The Game Changer For Gold In One Chart

February 8, 2014
CEO & Chief Investment Officer @ U.S. Global Investors

Earlier this week, we watched Ben Bernanke officially “pass the puck” to Janet Yellen, who became the new chairman of the Federal Reserve’s Board of Governors this week.

Imagine if the puck were the Fed’s assets—that would mean the disk is five times bigger today than when Bernanke became chairman in 2006. At the beginning of his reign, the Fed’s assets were $834.6 billion. Now, the balance sheet has grown to $4.1 trillion, a previously inconceivable size.

Until last year destroyed gold’s multi-year bull reign, the expansion of the U.S. balance sheet and the price of gold over the past decade moved in near lockstep. From 1999 through 2012, the correlation coefficient of the rising price of gold to the Fed’s climbing assets was 0.95.

Even with the tapering of the bond purchases that began in late 2013, the Fed’s balance sheet remains on an upward trajectory and much higher than the price of gold. This suggests we should see much higher prices.

What will break gold of its losing streak? Will inflation, which is a lagging indicator, be stronger than expected? In one of my most popular posts (http://www.gold-eagle.com/article/fire-fueling-gold )  last year, I said that based on the jobs market, the limited housing recovery and regulations slowing down the flow of money, the Fed would have no choice but to start tapering and raising rates very gradually to keep stimulating the economy.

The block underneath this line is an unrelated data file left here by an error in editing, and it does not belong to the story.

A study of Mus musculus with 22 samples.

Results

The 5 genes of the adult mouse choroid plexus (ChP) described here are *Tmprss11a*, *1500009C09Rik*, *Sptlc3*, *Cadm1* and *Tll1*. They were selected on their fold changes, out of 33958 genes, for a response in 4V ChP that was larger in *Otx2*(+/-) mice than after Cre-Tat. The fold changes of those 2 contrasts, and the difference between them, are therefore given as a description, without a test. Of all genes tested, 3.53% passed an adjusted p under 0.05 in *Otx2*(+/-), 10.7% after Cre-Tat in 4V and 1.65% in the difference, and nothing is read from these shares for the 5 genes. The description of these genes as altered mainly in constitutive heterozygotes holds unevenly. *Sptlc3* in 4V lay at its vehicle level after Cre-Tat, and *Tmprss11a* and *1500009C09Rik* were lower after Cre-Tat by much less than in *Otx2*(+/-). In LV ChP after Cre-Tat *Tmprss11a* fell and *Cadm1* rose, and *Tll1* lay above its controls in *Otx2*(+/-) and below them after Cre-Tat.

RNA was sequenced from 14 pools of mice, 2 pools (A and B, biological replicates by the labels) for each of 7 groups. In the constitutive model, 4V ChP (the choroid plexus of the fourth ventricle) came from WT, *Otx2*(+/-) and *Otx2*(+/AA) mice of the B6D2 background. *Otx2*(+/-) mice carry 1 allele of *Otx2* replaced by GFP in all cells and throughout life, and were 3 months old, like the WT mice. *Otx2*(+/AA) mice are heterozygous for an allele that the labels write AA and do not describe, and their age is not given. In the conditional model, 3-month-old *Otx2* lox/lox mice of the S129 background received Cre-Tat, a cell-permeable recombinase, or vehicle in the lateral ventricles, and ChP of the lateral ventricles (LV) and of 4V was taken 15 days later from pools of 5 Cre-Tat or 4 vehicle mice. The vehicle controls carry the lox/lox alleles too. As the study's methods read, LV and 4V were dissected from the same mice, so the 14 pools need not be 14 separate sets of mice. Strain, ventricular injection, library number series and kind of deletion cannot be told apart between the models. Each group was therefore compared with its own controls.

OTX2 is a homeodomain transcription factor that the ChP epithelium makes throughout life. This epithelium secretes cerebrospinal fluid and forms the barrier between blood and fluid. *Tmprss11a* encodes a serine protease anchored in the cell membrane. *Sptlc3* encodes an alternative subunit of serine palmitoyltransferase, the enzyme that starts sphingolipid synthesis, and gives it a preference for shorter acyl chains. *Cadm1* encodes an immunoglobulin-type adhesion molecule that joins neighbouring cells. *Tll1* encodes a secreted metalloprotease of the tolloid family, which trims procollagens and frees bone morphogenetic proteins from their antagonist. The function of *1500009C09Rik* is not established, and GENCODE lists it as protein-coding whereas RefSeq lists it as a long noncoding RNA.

In CLSA’s Greed & Fear, Christopher Wood points out the forward-looking U.S. data, pending home sales index, is “clearly suggesting stalling momentum.” Pending home sales have been declining for seven months in a row, “plunging by 8.7 percent month-over-month in December to the lowest level since October 2011.”

There’s also a weaker demand in mortgages in the past quarter. According to a survey of banks, nearly 30 percent reported weaker demand for prime mortgages, which is the “worst data since April 2011,” says CLSA. About 46 percent of banks are seeing weaker demand for non-traditional residential mortgages, the worst since January 2009.

The ISM manufacturing new orders index is also off. In January, new orders fell from 64.4 in December to 51.2 in January, which was the largest monthly decline since December 1980.

So even if investors shrugged off the disappointing jobs report today, we’re pretty certain the incoming chairman is paying close attention to the scoreboard.

(Courtesy of http://www.usfunds.com )

Frank Holmes is the CEO and Chief Investment Officer of U.S. Global Investors. Mr. Holmes purchased a controlling interest in U.S. Global Investors in 1989 and became the firm’s chief investment officer in 1999. Under his guidance, the company’s funds have received numerous awards and honors including more than two dozen Lipper Fund Awards and certificates. In 2006, Mr. Holmes was selected mining fund manager of the year by the Mining Journal. He is also the co-author of “The Goldwatcher: Demystifying Gold Investing.” Mr. Holmes is engaged in a number of international philanthropies. He is a member of the President’s Circle and on the investment committee of the International Crisis Group, which works to resolve conflict around the world. He is also an advisor to the William J. Clinton Foundation on sustainable development in countries with resource-based economies. Mr. Holmes is a native of Toronto and is a graduate of the University of Western Ontario with a bachelor’s degree in economics. He is a former president and chairman of the Toronto Society of the Investment Dealers Association. Mr. Holmes is a much-sought-after keynote speaker at national and international investment conferences. He is also a regular commentator on the financial television networks CNBC, Bloomberg and Fox Business, and has been profiled by Fortune, Barron’s, The Financial Times and other publications.  Visit the U.S. Global Investors website at http://www.usfunds.com.  You can contact Frank at: editor@usfunds.com.

Due primarily to the California Gold Rush, San Francisco’s population exploded from 1,000 to 100,000 in only two years.